There are many advocates of using a mutual LinkedIn connection as the basis of reaching out to a prospect, but I think the process in practice is flawed. There are far more direct ways to get into a conversation with a prospect with far better results.

To recap what the LinkedIn connection outreach process typically looks like:

  1. Build a list of prospects you want to talk to.
  2. Mine their profiles for mutual connections.
  3. Email the mutual connection and ask them if you could use their name in a message to your prospect, or even ask them to make the recommendation themselves.
  4. Send an email to the prospect saying you have a shared contact that trusts you, and therefore the two of you should talk.

I have tested this extensively. I’ve had some successes and quite a few failures too.

After reflecting a bit, there are three main reasons I’d suggest LinkedIn cold messaging is no longer an effective strategy.

1) Everyone's sending LinkedIn messages.

LinkedIn is becoming a hotbed of automated messages from fake profiles and endless invites to join peoples’ groups. This isn’t helped by the amount of courses advocating that the best way to build your expertise is to create a group and get your prospects to join.

This is creating is an environment where messages are lost amongst a sea of spam, group invites, and connection requests. No matter how great your cold email via LinkedIn is, it’s almost certainly destined to fail before you press send.

2) Communication preferences are changing.

I have no way of being certain but I’d hazard a guess that you are like me. I have turned off all message alerts from Linkedin and the only time I see messages is when I choose to log in -- which may not be often for many people. And even if you aren’t like me, I’m willing to guess you use your personal (not work) email address on LinkedIn.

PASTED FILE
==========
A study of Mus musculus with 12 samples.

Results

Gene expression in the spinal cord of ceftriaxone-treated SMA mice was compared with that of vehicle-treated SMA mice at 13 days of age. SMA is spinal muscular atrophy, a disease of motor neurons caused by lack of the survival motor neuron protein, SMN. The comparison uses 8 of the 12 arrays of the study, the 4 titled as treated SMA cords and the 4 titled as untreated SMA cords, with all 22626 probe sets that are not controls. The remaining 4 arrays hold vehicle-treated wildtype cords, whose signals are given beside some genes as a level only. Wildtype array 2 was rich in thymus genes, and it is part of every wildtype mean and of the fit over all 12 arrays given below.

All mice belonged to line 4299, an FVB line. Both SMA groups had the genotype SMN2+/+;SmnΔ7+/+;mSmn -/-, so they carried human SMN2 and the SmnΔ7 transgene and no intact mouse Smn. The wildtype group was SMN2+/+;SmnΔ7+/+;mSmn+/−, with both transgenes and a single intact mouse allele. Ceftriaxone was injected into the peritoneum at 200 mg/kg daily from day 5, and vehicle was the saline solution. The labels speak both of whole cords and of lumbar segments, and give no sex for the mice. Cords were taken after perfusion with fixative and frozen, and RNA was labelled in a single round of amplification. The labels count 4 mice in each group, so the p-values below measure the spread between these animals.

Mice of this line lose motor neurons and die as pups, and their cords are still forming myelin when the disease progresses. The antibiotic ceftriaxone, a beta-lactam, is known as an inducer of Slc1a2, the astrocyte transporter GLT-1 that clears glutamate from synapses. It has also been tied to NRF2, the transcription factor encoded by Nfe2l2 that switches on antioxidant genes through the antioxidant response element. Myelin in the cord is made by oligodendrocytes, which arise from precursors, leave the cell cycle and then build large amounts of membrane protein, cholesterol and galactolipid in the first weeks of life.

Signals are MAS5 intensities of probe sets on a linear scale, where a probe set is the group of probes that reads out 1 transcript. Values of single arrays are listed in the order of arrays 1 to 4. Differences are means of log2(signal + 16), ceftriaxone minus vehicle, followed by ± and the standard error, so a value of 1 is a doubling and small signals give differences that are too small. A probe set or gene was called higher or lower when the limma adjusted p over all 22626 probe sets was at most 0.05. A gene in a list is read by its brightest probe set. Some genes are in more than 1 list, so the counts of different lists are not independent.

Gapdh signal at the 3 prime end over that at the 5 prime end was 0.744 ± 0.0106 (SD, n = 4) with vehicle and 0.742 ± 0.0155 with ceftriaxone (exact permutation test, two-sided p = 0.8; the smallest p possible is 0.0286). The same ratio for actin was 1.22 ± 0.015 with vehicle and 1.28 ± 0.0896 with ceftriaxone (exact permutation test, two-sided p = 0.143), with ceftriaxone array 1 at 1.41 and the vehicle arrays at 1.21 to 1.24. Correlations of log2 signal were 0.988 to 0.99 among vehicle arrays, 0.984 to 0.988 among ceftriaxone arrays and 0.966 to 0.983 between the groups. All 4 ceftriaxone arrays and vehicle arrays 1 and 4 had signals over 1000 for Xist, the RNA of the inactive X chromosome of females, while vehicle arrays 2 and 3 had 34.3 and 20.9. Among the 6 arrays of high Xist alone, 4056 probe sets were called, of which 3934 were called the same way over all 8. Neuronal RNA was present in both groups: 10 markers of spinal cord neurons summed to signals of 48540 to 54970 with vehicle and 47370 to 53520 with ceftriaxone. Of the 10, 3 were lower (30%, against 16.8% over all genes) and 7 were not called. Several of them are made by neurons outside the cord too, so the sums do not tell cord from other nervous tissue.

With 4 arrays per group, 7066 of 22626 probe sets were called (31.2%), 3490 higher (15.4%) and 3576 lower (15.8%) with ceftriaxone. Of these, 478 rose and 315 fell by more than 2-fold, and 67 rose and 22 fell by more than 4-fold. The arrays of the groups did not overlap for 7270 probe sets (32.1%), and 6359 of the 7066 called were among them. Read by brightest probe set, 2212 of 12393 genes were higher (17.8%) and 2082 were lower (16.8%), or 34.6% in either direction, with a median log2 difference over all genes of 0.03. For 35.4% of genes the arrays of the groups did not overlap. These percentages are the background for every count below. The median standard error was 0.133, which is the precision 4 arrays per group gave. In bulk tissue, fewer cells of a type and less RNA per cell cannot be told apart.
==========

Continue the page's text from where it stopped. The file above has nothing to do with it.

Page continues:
Our research shows that around 80% of LinkedIn contacts use their personal email address. Don't believe me? Download your contacts and check for yourself. It makes sense when you think about the number of people who use LinkedIn primarily as a job search tool. People also want to safeguard their access in the event of a sudden job change.

Therefore, you are contacting people with a business message that is going to their personal account. That is if (and it's a big if) they even get email notifications of LinkedIn messages in the first place.

3) Larger networks = fewer real connections.

There is a chicken and egg situation happening with LinkedIn prospecting.

To gain access to more people you need more connections. However, the more connections you have and the more connections your connections have, the less personal those connections are.

I’m no angel here and I fell for the hype and once actively sought out connections. I have around 5,000. Out of those, I’d probably be able to introduce you to 100 people who I'm truly close with.

So if you send me a message asking me to introduce you to someone in my network, there is a roughly 2% chance I’ll be able to do this for you. And I'd only do it if you were one of those same 2% that I’d feel comfortable making an introduction for.

These are three compelling reasons I’d advise against using LinkedIn to foster cold email introductions. What would I suggest instead?

  1. Find your target's business email address using the tools listed here.
  2. Write a value-based cold email introduction. Make sure it covers in no more than four two-line paragraphs why they should reply to you. Send it to the prospect's business email address. 
  3. Revise your email to remove any self-serving language.
  4. Imagine I’m going to pay you $1000 for every word you remove from the email. Take out as many as you can. I owe you at least $10k right?
  5. Send the email.

If you try this process, let me know how it goes. And if you’d like more resources on cold emailing, then check out my latest ebook: How To Triple Your Pipeline In 90 Days Or Less.

Do you agree that LinkedIn is becoming less effective for sales prospecting? Disagree? Share your thoughts in the comments.